While they went 11 years between albums (finally releasing their comeback record Arbiter this summer), North Carolina post-hardcore/metalcore band Hopesfall’s influence on most bands of those genres today are strongly felt. Look at bands like Holding Absence, for instance. Rising acts like them are indebted to the sound that Hopesfall helped pioneer, especially on their 2002 album The Satellite Years. Hopesfall’s brand of post-hardcore has always been about incoporating their influences (post-rock, metal, shoegaze, even dream pop) into a concoction that involves lots of melodies and breathtaking choruses. Take the track “Tunguska” from Arbiter – what a huge track! Few bands can claim to writing such great melodies, and songs in general.
Their whole discography, while short, is certainly worth a listen today. Starting with 1999’s The Frailty Of Words, Hopesfall has released 5 full-lengths and an EP (which we’ll get to soon), all of which made large inroads on the cross-section of bright melodies with harsh riffs in the last 2 decades. Join us as we examine why Hopesfall is influential, and what makes them such a special band.
The Frailty Of Words (1999)
Though it may be a raw, primal form of who Hopesfall would eventually become, 1999’s The Frailty Of Words was certainly ahead of its time in 1999. Few bands were attempting this kind of melodic and metallic hardcore at the time, and while there is a stark difference between this record and its follow-up a couple years later, the riffs and melodies are very distinct. Especially album finale “The Broken Heart Of A Traitor” – during its 7+ minute runtime and when the song eventually fades out among a cacaphony of guitar, you realize that the best was yet to come.
No Wings To Speak Of (2002)
Alongside Cave In and a select few others, Hopesfall were one of a few bands that exhibited a strong shoegaze/space rock influence in their music. “The End Of An Era” may just be the best melodic metalcore song ever. Also, it’s the band’s last record before vocalist Jay Forrest joined the band for a certain album that is still considered legendary today. It’s amazing what just 4 tracks can do to change music forever.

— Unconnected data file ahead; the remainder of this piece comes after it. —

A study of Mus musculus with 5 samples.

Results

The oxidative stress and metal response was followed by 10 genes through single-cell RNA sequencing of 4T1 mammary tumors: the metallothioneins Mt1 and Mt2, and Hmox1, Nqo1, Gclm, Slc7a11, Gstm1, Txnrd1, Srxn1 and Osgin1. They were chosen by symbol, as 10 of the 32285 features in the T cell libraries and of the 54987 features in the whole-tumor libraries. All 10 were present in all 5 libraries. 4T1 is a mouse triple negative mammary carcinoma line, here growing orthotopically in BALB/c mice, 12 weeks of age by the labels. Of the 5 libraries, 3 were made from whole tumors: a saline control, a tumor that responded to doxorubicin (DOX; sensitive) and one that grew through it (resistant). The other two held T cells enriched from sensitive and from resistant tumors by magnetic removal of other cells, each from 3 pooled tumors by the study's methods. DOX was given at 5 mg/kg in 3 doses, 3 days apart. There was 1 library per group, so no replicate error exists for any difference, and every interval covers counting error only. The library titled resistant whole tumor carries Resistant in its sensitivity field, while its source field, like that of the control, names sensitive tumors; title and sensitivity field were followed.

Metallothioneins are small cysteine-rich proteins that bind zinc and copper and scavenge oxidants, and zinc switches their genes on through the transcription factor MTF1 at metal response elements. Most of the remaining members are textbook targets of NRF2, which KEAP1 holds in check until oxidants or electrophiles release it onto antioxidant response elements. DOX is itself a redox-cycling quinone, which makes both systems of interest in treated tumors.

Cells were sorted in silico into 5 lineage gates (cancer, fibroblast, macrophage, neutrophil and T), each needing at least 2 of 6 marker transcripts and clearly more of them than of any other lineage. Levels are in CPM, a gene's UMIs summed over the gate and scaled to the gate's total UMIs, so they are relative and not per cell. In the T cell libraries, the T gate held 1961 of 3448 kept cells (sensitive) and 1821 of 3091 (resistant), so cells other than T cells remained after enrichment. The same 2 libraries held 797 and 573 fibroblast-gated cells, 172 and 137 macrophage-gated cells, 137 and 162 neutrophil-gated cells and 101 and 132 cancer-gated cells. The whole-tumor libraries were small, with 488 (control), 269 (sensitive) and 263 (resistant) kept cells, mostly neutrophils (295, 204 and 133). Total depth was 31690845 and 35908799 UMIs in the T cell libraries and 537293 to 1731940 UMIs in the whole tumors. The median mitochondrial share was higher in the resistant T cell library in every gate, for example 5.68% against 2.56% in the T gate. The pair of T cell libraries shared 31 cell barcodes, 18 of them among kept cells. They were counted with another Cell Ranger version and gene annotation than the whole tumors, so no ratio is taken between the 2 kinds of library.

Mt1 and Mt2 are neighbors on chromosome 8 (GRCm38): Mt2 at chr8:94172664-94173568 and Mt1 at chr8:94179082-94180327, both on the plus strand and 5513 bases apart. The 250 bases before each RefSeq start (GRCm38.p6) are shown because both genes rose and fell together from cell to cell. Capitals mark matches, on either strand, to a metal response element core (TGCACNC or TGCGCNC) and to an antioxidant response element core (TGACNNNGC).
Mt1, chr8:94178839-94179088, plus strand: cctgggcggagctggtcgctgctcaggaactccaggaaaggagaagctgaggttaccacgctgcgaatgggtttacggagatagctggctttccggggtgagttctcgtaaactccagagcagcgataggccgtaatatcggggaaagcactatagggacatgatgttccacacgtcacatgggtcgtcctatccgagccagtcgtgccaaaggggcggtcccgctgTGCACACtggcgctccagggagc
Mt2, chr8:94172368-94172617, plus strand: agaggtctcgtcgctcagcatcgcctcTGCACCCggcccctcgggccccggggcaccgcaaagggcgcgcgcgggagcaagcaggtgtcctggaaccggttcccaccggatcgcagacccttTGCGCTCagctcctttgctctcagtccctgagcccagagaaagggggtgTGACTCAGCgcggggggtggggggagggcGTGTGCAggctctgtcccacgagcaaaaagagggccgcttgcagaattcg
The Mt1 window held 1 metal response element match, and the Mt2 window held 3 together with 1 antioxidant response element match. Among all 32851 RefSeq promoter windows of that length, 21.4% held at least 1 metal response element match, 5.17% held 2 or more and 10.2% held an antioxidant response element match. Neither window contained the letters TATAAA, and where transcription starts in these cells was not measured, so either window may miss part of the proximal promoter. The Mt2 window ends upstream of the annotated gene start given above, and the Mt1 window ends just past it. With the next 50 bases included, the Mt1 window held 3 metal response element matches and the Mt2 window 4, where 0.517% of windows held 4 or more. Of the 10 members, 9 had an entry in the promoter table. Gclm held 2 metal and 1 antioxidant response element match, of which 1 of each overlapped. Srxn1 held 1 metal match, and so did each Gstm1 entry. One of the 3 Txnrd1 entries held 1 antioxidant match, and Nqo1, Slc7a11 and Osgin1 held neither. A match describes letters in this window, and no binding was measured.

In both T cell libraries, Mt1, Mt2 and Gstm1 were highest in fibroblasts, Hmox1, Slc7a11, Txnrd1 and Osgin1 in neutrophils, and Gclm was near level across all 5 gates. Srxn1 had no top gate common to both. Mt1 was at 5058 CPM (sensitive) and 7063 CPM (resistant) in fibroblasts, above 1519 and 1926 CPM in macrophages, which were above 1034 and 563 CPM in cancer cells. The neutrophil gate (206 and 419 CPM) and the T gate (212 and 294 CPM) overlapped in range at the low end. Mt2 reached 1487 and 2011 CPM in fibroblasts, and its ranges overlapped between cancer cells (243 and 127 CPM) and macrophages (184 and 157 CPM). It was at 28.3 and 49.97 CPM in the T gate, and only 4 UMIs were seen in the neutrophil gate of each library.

The Satellite Years (2002)
Produced by Hum’s Matt Talbott (who also sings on “Escape Pod For Intangibles”), The Satellite Years was a watershed moment in the development of modern post-hardcore and metalcore. Intricate and delicate guitar melodies with the throat-shredding vocals of newcomer (at the time) Jay Forrest meshed extremely well with a huge space rock influence. In the latter way, it’s not unlike Cave In’s Jupiter. 16 years after its initial release, tracks like the emotionally-driven finale “The Bending”, the strong melodic riffs in “Decoys Like Curves”, and of course the career-defining song “Escape Pod For Intangibles” make this record a must-hear for any fan of the aforementioned subgenres. Few records in existence can genuinely be called this, but the best word to describe The Satellite Years is just this – beautiful.
A Types (2004)
A limb I’ve been dying on since its 2004 release is that Hopesfall’s A Types deserves a much better reputation than it gets now. While the record is certainly a shock, due to the dearth of metal and hardcore, the riffs and melodies are still there. They’re presented in an alt-rock fashion, though, which makes this a much more accessible record than any of their previous work. Seriously, the 1-2 punch of “The Ones” and “Manipulate The Eclipse” are big rock songs with tight riffs and spacey melodies that will get stuck in your head.
Magnetic North (2007)
Magnetic North should have been the record that put Hopesfall to a much wider audience. That didn’t happen, due to a myriad of factors, but it certainly had nothing to do with their performance here. Essentially the midpoint between their last two records, vocalist Jay Forrest really came into his own on this album, as his voice fades in and out with aplomb during both heavy (“RX Contender The Pretender”) and lighter fare (“I Can Do This On An Island”). We haven’t even discussed 2nd track “Swamp Kittens” yet, which features a heavy breakdown surrounded by guitar feedback which most bands could only dream of writing. Also, listen to “Secondhand Surgery”. Run, don’t walk.
Arbiter is the logical progression after 11 years in between albums for Hopesfall. Right alongside other brilliant comeback albums from Failure, Faith No More, and My Bloody Valentine, Arbiter is the sound of Hopesfall showing everyone out to update their sound for 2018, in a timeless way. The galloping opening riffs of “H.A. Wallace Space Academy” are chillingly effective, and so too is when the song pushes forward into Jay Forrest’s iconic vocals. Even more interesting is that Hopesfall really throw back to their roots on “Bradley Fighting Vehicle”, taking the best parts of A Types and showing a distinct ability to still re-emerge as a genre torchbearer. Fucking “Tunguska”, man. It’s a classic track. Really, it’s like they never left.